Federal Government changes to superannuation in response to the Henry Review will increase will harm small business says accounting firm BDO and COSBOA.
BDO Partner Paul Motta said the government was focusing on improving superannuation savings for low-income earners and the elderly, but had done little to make changes that would have significantly fuelled retirement savings.
“The 12 per cent compulsory contribution will have to be funded by employers, which substantially increased the cost of employing staff,” he said. “Though the change is gradual, it is not good news for employers, especially small business, for whom this is a large impost.”
He said the government was wrong to ignore the Henry Review recommendation that the tax on super fund earning be cut in half to 7.5 per cent.
“Halving the tax rate on earnings would go a long way towards fuelling savings without putting much of the burden on employers, particularly small business employers, who are the cornerstone of employment in this country,” Mr Motta said.
“Superannuation should not be about generating tax revenue, it is about saving for retirement and reducing the burden on social security in the years to come. This is particularly with the ageing of the population. It appears that generating revenue now seems to be a greater priority than fuelling retirement savings.”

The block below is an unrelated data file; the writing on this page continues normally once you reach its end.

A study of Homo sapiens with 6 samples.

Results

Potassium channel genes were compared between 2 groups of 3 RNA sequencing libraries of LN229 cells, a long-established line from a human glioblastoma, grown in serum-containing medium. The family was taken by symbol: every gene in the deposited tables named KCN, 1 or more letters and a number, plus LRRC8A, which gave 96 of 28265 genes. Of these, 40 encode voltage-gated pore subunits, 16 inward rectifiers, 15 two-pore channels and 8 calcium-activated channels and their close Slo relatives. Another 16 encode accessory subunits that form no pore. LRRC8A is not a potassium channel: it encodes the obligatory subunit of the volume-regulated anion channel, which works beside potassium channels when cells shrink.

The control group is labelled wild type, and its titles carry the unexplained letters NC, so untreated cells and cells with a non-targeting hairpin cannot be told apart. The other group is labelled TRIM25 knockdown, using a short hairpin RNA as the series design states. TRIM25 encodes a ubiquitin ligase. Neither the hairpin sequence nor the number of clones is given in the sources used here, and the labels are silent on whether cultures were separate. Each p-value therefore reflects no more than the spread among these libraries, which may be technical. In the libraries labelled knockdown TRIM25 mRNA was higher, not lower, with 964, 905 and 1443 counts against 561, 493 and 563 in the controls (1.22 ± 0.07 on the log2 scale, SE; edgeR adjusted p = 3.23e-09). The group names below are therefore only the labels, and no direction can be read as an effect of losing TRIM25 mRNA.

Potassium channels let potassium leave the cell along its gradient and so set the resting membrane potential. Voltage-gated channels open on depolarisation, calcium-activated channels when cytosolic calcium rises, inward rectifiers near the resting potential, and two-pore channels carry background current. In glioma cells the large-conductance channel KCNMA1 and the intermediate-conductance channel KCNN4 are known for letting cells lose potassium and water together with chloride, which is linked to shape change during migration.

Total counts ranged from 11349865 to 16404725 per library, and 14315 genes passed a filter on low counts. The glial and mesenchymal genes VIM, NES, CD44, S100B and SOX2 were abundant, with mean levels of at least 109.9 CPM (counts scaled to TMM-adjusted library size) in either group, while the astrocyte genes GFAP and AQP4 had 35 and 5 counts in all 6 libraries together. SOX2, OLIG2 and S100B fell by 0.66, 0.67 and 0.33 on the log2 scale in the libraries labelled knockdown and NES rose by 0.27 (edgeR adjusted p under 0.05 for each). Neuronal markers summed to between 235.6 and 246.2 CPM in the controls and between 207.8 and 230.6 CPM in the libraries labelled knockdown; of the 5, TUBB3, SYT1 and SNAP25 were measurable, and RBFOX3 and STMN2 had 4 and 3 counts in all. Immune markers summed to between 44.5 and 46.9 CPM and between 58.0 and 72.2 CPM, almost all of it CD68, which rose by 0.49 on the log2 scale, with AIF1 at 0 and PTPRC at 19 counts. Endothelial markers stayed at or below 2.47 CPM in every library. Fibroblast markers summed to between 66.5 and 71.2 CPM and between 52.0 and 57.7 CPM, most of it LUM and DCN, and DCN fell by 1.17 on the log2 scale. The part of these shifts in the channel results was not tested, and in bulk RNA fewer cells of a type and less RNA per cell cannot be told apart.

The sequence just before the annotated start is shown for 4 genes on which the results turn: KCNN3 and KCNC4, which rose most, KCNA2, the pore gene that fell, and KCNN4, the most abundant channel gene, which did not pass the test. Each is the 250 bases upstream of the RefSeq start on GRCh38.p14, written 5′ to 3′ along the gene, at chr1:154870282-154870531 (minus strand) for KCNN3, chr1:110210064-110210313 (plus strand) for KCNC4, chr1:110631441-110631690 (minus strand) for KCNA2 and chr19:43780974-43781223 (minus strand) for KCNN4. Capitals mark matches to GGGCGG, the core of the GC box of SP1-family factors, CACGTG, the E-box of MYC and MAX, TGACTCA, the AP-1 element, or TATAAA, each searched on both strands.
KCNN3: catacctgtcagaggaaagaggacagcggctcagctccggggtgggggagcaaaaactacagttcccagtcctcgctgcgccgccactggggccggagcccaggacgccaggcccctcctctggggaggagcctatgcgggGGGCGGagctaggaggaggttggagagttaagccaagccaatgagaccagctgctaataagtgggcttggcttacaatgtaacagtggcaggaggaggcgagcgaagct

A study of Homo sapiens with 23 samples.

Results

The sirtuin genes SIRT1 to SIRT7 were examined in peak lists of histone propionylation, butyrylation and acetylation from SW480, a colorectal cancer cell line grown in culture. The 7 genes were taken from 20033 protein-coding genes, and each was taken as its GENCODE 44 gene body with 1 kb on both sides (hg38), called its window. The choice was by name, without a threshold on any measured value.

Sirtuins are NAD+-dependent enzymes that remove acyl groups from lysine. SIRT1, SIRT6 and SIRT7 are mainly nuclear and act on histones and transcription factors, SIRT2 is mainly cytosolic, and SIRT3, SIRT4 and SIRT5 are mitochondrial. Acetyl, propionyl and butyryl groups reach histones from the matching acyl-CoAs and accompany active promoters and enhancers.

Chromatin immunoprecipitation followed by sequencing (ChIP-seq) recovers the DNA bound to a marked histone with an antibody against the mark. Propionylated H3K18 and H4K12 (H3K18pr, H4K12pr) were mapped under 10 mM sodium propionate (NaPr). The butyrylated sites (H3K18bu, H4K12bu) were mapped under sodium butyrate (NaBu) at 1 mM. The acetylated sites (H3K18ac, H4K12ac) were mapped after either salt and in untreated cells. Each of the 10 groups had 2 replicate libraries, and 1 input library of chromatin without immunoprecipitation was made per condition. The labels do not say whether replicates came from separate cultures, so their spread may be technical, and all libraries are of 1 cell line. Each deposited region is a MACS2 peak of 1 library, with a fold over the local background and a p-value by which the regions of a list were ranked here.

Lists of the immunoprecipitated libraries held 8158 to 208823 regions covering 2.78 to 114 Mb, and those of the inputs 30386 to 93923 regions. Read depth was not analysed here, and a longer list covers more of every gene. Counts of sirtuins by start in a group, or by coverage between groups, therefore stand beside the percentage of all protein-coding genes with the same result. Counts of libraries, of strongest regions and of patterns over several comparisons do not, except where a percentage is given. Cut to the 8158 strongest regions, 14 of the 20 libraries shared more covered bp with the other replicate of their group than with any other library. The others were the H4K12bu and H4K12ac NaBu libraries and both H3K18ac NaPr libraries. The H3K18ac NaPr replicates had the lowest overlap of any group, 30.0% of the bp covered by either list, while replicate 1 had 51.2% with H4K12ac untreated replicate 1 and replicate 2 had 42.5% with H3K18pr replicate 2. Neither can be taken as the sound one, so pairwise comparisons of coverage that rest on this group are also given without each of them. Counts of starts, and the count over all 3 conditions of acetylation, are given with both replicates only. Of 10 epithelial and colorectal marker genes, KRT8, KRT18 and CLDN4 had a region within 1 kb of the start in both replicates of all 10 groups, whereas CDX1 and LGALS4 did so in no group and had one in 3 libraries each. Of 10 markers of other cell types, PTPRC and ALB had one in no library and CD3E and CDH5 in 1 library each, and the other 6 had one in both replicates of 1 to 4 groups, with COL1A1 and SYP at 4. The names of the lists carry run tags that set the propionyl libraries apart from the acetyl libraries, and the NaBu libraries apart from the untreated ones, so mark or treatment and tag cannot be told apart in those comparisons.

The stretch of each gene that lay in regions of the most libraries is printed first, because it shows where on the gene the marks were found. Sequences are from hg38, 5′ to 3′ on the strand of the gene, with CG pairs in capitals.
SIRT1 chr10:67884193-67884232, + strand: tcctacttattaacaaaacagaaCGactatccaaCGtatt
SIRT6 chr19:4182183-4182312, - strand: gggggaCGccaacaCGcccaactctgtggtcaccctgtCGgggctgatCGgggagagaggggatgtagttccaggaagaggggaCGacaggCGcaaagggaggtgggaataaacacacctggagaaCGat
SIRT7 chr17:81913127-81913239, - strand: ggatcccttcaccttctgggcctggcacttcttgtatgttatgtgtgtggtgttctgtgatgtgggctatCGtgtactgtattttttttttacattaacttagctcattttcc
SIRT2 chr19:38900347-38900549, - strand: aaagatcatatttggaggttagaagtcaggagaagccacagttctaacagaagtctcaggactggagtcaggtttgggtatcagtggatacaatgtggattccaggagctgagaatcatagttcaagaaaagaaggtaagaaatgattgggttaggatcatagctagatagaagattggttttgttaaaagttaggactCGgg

Council of Small Business of Australia CEO Jaye Radisich said that there is little doubt that the increase in the Superannuation Guarantee of 3 percent will be passed on to consumers given that it represents a direct cost for business.
“However, the seven year phase in period for the SG changes will make it easier for businesses to adjust to the increase, and will enable small businesses to plan and budget for the increased costs, and to factor these in to future wage negotiations.”
“The Council is disappointed that the Government has not sought compulsory superannuation contributions from employees.”